The first of these relates to the way identifiers are stored. As far as I can tell, the RC uses four distinct tables of identifiers, stored as strings, which are scanned linearly, using strcmp, each time an identifier is looked up. There is one table for global variables, one for locals, one for procedure parameters, and one for #definitions.

The conceptual simplicity of this has a certain appeal, and it's acceptable only because the RC is a mere teaching example focusing on structure without too much emphasis on detail. In the old days it would have been frowned upon as hopelessly inefficient. Today's computers being much faster is some excuse, but nevertheless some injection of elegance would not go amiss.

Some way of reducing the number of comparisons per search would be nice. It could be something as simple as adding a sorted array of pointers as a layer on top of it, and using this to do a binary search each time. It could involve the traditional approach of using a hash table. My favourite method is the TrieScheme. And of course I would amalgamate the four tables into one.

The second would be to separate the close coupling of parsing and code generation somewhat. The RC generates code as it parses, which again benefits from conceptual simplicity, but it has the drawback of being inflexible, and makes it generate really awful code in the specific case of for loops. The code it generates, for example, for

for (i=1; i<9; i=i+1;) <loop body> endfor;

is as follows:

   i = 1;
A: Test i<9;
   Goto D if not;
   Goto C;
B: i = i+1;
   Goto A;
C: <loop body>
   Goto B;
D:

This (except for the fact that it might be better to replace

Goto D if not;
Goto C

with

Goto C if so;
Goto D;

because this would involve one less jump in the loop), is more or less forced upon it by the fact that the code for each of the three parts inside the for-brackets must be generated in the order in which they appear.

A slightly better sequence to generate would be:

   i = 1;
   goto A;
B: i = i+1;
A: Test i<9;
   Goto C if not;
   <loop body>
   Goto B;
C:

Even better:

   i = 1;
A: Test i<9;
   Goto B if not;
   <loop body>
   i = i+1;
   Goto A;
B:

These are only possible if code generation is detached from generating the parse tree. Doing so has other advantages as well, for example it makes certain optimisations possible, not only the folding of constant expressions, but by providing flexibility in the order in which sub-expressions are evaluated, it can end up needing fewer registers to evaluate an expression.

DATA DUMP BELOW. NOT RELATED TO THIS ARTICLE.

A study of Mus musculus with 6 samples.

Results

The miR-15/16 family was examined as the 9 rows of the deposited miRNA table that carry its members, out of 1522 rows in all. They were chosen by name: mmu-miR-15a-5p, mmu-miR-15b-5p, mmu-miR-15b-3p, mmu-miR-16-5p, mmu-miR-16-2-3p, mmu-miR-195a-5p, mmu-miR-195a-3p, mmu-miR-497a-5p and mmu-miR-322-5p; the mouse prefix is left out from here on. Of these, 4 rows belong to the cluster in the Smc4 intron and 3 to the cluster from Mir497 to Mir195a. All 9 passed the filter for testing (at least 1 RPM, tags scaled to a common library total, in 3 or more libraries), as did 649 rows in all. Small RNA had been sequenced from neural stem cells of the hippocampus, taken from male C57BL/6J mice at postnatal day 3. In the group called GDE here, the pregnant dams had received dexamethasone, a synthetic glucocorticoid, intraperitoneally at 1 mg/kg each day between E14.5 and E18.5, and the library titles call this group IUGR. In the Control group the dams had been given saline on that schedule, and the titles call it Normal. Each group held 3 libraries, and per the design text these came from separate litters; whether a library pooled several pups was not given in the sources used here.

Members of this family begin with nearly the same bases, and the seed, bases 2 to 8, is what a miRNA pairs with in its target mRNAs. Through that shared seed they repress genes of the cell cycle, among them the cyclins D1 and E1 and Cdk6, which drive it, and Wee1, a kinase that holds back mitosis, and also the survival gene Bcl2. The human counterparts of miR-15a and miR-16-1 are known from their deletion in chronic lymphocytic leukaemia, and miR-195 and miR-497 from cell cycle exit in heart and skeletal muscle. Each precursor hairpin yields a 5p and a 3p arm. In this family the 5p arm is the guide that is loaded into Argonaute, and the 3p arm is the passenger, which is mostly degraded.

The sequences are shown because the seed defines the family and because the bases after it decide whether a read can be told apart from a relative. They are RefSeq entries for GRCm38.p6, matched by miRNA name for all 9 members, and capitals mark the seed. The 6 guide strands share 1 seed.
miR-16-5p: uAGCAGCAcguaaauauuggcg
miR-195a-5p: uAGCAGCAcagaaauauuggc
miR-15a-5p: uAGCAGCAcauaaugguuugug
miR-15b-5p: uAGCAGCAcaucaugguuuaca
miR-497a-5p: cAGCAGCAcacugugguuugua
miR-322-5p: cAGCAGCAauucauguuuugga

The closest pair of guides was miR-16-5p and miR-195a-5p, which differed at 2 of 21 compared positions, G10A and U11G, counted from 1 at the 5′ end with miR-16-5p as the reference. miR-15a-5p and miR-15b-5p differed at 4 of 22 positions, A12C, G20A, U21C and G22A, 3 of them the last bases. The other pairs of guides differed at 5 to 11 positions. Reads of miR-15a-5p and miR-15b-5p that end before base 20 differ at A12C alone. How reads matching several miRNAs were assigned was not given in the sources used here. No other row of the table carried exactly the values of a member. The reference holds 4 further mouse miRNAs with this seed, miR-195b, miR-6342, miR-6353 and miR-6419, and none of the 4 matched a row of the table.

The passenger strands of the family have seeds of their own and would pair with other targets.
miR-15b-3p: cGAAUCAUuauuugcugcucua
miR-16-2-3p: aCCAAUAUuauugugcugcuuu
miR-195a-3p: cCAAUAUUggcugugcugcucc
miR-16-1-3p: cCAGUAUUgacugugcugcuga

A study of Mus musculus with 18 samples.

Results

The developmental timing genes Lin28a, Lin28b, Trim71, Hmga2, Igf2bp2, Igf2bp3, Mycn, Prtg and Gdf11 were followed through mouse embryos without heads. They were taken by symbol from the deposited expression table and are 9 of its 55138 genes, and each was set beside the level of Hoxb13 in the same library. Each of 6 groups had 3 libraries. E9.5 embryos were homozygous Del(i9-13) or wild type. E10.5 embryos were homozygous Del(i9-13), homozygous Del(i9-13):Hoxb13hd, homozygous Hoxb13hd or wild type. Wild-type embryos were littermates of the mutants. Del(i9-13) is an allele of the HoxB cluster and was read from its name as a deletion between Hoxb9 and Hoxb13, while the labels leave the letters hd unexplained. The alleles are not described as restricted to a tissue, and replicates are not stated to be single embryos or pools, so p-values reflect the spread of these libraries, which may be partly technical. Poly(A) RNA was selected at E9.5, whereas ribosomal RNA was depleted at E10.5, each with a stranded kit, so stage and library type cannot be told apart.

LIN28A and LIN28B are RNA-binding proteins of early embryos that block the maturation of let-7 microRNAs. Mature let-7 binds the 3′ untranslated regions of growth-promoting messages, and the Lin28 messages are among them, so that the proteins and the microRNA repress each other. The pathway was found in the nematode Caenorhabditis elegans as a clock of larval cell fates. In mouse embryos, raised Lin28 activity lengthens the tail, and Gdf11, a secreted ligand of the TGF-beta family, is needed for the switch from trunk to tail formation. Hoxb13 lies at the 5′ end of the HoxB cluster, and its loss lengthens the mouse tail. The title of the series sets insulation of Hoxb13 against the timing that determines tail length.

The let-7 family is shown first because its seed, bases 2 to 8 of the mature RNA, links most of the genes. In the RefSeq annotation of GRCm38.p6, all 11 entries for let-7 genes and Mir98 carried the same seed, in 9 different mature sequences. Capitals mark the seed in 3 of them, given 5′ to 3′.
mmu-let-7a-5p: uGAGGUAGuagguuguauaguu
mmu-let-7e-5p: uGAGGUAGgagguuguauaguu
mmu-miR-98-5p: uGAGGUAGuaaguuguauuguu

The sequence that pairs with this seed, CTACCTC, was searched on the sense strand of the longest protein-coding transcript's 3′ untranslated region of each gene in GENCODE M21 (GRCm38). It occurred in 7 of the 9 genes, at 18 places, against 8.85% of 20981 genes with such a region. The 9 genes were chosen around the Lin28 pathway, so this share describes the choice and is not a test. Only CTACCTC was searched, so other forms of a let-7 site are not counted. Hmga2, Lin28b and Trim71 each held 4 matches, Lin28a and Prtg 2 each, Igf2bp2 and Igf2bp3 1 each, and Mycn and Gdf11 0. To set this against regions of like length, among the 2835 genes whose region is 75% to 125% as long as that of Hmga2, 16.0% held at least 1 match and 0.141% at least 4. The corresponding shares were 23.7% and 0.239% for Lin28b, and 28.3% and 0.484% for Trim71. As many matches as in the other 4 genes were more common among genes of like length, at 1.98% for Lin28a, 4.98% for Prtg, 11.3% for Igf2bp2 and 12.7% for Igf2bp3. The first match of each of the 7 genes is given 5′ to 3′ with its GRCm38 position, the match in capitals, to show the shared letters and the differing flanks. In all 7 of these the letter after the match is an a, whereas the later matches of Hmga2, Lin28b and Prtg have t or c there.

Typically, when a compiler runs out of registers in the middle of an expresison, it will resort to storing intermediate results in memory temporarily, though the RC actually just gives up and says the expression is too complex.

Consider that the expression a[b+c*d] - e[f+g*h], when converted to Reverse Polish, becomes abcd*+[efgh*+[-. Accordingly, it would need 5 registers to evaluate this.

A cleverer method would realise that b+c*d can be evaluated in 2 registers rather than 3, by doing

Load C
Load D
Multiply
Load B
Add

instead of the lame

Load B
Load C
Load D
Multiply
Add

In fact the perfectly innocuous looking statement

  z = a[b+c*d]-e[f+g*h];

is enough to make the RC give up, whereas re-writing it as

  z = a[c*d+b]-e[g*h+f];

is enough to make it cope.

One structural aspect of RC I am retaining is the procedural nature of its top-down parsing, that is, I'm not going for a table-driven parser. Instead I am replacing the grammar phrases which define expression structure with a single format for an expression, namely that -broadly speaking- an expression is either a simple operand or two operands joined with a binary operator. Instead of defining factors, terms, etc, I associate a numeric precedence value with each operator, and the parsing is achieved by a recursive precedence-based parser which is in some ways similar to Dijkstra's well known ShuntingAlgorithm.